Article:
Cinema2 Home+Movies

Program curated by Paolo Simoni, Sergio Fant and Pauline de Raymond

Cinema2 is the section of Cinema Ritrovato dedicated to found footage and various other forms of cinema recycling. This year, a “+” sign represents the value added to original images by the work of the filmmaker who takes on the delicate task of reworking home movies.

The first program wants to go inside the family, to observe and deconstruct its functioning from within, through several films by authors who work directly on images from their personal family history. With Mort à Vignole, Olivier Smolders reflects on the nature of home movies (not just his own), and more generally on the relationship between cinema and death. In Der Fater, Christine Noll Brinckmann “settles the score” with her father through amateur films and home movies he shot in the thirties. In J’espère que vouz allez bien, Boris Van der Avoort unites in a single embrace films from three generations: that of his grandparents, his parents, and his own. Finally, This Side of Paradise is not, in the true sense of the term, a found footage film, but a film of editing at a distance: in just 1999, Jonas Mekas assembled material shot many summers before when he frequented the Kennedy family, “teaching cinema” to little John Jr. and Caroline shortly after the death of their father.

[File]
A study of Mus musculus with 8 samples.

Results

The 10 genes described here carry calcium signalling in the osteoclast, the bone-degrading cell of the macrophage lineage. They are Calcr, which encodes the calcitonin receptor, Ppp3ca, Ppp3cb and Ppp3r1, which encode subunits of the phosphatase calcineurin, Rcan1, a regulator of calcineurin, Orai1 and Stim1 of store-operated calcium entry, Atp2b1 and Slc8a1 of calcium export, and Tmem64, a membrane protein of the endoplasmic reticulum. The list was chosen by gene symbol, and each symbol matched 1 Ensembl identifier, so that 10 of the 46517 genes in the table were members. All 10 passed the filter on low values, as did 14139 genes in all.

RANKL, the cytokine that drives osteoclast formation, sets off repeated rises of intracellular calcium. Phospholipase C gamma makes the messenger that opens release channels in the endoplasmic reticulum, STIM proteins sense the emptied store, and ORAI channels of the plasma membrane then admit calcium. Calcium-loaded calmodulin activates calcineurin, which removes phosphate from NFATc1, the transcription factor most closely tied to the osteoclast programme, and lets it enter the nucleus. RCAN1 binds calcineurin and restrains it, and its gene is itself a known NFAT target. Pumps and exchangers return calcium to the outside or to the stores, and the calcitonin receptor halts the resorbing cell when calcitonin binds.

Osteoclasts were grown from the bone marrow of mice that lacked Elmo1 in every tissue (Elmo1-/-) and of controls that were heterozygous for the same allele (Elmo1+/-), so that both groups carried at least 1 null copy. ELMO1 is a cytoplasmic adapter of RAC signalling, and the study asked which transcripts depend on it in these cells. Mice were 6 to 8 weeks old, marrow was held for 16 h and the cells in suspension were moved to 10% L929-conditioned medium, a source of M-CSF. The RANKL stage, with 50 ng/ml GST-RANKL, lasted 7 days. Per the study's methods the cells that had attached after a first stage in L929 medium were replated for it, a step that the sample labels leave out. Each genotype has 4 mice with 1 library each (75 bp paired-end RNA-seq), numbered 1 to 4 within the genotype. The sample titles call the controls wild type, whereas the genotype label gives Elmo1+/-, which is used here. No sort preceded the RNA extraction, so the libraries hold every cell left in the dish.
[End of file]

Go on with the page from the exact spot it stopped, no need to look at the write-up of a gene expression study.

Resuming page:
The second program aims to analyze and subvert the mechanisms of home movies, showing examples of how they can be taken apart, put back together, and manipulated. To place the films into a sort of theoretical catalogue, the vacation films, for example, are brought together with typological precision, such as in Adria where the steady hand of Gustav Deutsch “operates”. But even a single gesture, reiterated, can become protagonist: in Happy-End by Peter Tscherkassky, incessant rounds of toasts within the family, repeated over the years, become a dominant and distressing motif. But home movies can also be grouped according to emulsion, as is the case of Home Movie by Cécile Fontaine, where the image support is “tortured” into revealing its secrets to the gaze. They can tell stories, like Lisl Ponger’s Passagen with its touristy images that serve an oral account of other travels, of emigration, of exile. Or they can recount History, as in Günther 1939 by Johannes Rosenberger: the label on the found reel (“Heil Hitler!”) tells no lies as to the content and the “good” faith of any nazi family. The final variation comes with Die Bilder by Marcel Schwierin, where anonymous home movies in color meet up with bergfilms from the twenties. Memory leads you far away, where you would least expect, on the highest peaks or the petals of a flower, fragments that come together with a grace and intensity that only reediting can evoke so poetically.